The Absolutely Angry Blog of a Full-Time Reader

Posted: February 7, 2013 in On Novels

Angry Blogging:

Boys and girls, ever since I read that sentence, I have not been able to quell my irritation towards Sherman Alexie. Now, before anyone cries “foul” and accuses me of taking his comments out of context, they were made 3 years ago, and shortly after they were made, Alexie tried to clarify (*cough cough* BACKPEDAL *cough*) his comments in an interview with a blogger (ironically enough). His concerns with e-readers  consist of their pricing (even though he admits to owning an iPod), and that they create social gaps. This makes sense. What Alexie is saying is that e-readers create gaps between people who can afford e-readers and the thousands of books available at the blink of an eye, and the people who barely even have a public library. He states that his concerns are that e-readers are putting book stores out of business, and I don’t disagree with him on this point.

But me deserving to be punched because I’m fortunate and come from middle class means that can afford the occasional luxury? Piss off. Alexie’s disdain for the e-book industry is not something that has gone away. Most of you followed him on Twitter (as did I), go look at his most recent tweets. As of right now, one of them is about authors suddenly having to be sales reps because of the e-book industry. As much as I enjoyed “The Absolutely True Diary” (woah, this blog is about a book?), this was something that was nagging at my brain the entire time I was reading. Here’s Alexie’s mindset applied to different situations: “Oh, people who drink bottled water are elitists because there are people who can’t drink clean water.”

The Actual Book:

Stupid bullshit and whining aside (“oh I can’t believe people are villifying me for what I said even though it was extremely offensive”), I found that once I picked up “The Absolutely True Diary of a Part-Time Indian”, I just could not put it down. It was really easy to get lost in the readability of the novel. and in the tremendously huge print size. The pacing of the novel was interesting to me – there were parts where it seemed Halloween and Thanksgiving were back-to-back, and others where the course of a few days seemed to take forever. The narration cracked me up, as did the drawings, but sometimes I felt like the whole teenage-dialogue thing was a bit forced. “Get off of me, you retarded fag!”. Don’t get me wrong, at no point have I ever not had the mouth of a sailor, but that line just felt.. stiff. Another part I didn’t like about the book was the RANDOM SPURTS WHERE THE NARRATION WAS IN ALL CAPITAL LETTERS LIKE THIS. It was effective a few times, but for the most part they JUST SEEMED TO GET IN THE frickin’ way. That’s another thing – the dude would say shit, damn, fag, retard, and all kinds of other things.. but “the f word” was apparently a no-go. I know absolutely zero 14 year olds who would hesitate to say fuck at the drop of a hat.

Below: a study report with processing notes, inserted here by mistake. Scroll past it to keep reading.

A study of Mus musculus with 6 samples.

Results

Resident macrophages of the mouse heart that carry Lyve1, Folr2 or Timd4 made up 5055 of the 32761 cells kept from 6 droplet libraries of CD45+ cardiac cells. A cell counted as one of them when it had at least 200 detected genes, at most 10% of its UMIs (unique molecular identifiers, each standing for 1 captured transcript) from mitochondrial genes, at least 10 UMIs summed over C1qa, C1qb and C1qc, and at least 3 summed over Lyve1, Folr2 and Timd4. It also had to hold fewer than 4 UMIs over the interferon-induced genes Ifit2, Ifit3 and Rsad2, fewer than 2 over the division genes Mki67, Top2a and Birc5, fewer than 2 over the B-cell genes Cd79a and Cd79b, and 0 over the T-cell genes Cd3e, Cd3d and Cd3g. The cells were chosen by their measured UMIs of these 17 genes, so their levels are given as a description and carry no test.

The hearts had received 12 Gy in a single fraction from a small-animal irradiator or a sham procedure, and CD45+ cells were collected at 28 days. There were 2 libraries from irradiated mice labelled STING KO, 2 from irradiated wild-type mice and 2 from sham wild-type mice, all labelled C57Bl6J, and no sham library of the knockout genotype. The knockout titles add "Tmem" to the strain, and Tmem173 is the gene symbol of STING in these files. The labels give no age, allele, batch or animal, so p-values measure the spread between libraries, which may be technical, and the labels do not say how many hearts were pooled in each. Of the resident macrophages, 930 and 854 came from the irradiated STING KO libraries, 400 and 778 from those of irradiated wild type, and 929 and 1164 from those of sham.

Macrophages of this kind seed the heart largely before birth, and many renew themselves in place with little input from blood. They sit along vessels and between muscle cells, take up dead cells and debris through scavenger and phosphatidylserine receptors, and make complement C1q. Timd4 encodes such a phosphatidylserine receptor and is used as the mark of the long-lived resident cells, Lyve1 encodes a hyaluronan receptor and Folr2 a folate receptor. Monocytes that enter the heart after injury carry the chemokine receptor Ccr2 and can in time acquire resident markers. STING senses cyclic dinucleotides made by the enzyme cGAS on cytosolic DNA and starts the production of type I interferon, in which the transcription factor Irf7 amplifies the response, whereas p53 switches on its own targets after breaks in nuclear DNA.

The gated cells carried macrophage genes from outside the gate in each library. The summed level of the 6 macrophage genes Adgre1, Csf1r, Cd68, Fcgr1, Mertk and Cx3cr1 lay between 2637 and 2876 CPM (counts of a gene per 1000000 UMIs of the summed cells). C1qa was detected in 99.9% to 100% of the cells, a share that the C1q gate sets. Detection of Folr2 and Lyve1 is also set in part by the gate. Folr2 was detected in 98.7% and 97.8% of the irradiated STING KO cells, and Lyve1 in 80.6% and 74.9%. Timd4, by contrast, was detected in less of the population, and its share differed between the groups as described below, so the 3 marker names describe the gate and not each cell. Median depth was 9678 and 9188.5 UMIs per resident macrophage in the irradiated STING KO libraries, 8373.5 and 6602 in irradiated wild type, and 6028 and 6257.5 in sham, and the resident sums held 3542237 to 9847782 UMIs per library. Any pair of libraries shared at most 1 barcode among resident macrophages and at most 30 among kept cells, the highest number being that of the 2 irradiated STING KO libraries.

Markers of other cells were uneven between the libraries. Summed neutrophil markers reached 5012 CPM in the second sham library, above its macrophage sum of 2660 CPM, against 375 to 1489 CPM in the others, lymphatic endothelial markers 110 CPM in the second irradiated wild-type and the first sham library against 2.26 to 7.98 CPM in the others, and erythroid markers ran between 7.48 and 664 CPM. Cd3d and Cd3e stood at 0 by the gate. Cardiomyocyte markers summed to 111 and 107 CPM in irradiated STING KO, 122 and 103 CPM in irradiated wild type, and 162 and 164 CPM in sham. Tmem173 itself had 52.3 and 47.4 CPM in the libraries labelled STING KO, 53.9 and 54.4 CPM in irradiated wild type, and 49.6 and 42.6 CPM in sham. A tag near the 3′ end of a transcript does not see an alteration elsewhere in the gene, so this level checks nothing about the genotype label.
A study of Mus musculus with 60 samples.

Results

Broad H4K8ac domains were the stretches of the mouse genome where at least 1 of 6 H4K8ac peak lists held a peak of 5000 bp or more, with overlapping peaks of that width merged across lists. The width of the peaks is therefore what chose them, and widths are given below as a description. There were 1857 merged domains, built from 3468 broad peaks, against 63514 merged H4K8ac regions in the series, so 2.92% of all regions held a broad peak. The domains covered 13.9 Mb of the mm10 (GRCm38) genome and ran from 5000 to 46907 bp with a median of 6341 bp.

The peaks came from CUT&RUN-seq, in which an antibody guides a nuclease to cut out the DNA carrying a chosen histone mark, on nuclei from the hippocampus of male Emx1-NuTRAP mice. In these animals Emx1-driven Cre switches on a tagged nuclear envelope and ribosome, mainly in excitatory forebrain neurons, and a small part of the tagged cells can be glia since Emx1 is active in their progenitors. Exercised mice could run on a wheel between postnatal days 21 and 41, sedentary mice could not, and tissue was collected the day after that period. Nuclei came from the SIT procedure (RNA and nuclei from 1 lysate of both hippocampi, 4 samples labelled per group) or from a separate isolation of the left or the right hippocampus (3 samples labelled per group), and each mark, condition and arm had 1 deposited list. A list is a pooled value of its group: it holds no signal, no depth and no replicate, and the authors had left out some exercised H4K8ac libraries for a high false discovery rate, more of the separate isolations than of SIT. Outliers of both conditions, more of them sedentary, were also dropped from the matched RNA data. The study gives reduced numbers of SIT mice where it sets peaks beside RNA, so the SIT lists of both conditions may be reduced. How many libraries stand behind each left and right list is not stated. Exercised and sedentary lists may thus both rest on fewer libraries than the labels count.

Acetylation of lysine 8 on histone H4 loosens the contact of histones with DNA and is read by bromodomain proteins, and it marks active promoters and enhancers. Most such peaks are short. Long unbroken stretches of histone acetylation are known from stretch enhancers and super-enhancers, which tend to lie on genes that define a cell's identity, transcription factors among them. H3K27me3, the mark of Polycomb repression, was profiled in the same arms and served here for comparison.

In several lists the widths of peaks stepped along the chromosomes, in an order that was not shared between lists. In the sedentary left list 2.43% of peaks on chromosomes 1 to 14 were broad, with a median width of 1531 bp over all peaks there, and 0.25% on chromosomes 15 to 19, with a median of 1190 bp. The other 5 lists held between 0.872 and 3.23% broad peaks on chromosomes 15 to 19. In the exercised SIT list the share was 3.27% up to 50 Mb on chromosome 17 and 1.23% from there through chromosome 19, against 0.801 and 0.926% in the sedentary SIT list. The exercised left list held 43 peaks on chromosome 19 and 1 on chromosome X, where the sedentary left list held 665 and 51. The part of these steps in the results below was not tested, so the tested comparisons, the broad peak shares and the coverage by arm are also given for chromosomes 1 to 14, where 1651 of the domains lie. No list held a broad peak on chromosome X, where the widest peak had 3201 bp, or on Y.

The Literature Part:

Man, Young Adult literature is just all about having a shitty life. Junior even makes a point to mention how many people have died around him / funerals he has gone to. What a bummer, man. Even when this kid is standing tall and finally being appreciated, he feels incomplete. His constant problem of not being accepted anywhere is a huge theme in young adult literature and in life in general. Junior feels as though he has betrayed his kinsman because he set out to become something besides an alchoholic, and he feels out of place amongst the rich and the white people. He just can’t catch a break. Living around this area, we sadly see these stereotypes and lifestyles that Alexie writes of coming to life. This book is tackling problems that are not imaginary, and are more personal than a vampire and a werewolf fighting over a Jane Doe. In this class we’ve joked a lot about YA literature being dark and we’ve looked at some examples to the contrary, but really, being a teenager is probably the darkest time in someone’s life just short of any personal tragedies or a mid-life crisis. Being a teenager is when you discover who you are and who you’re not – it’s when you make your lifelong friends and establish what kind of person you’re going to grow into.

That is a lot of pressure.

The Verdict:

Despite my gripes with the author and nitpicking in some of the narration, I really enjoyed this book. Like I tweeted earlier, it’s been awhile since I found a book interesting enough to read it while walking and simultaneously risking my life. You know the whole “books can make you become anyone, go anywhere” kind of mentality? That’s what this book did for me. I am not a poor Indian son of alcoholic parents, so I don’t understand what that struggle is like. Oh, and one other thing I liked about this book, is unlike “Rules” by Cynthia Lord, I felt like it actually had an ending. It even had the zinger of the last line. I approve!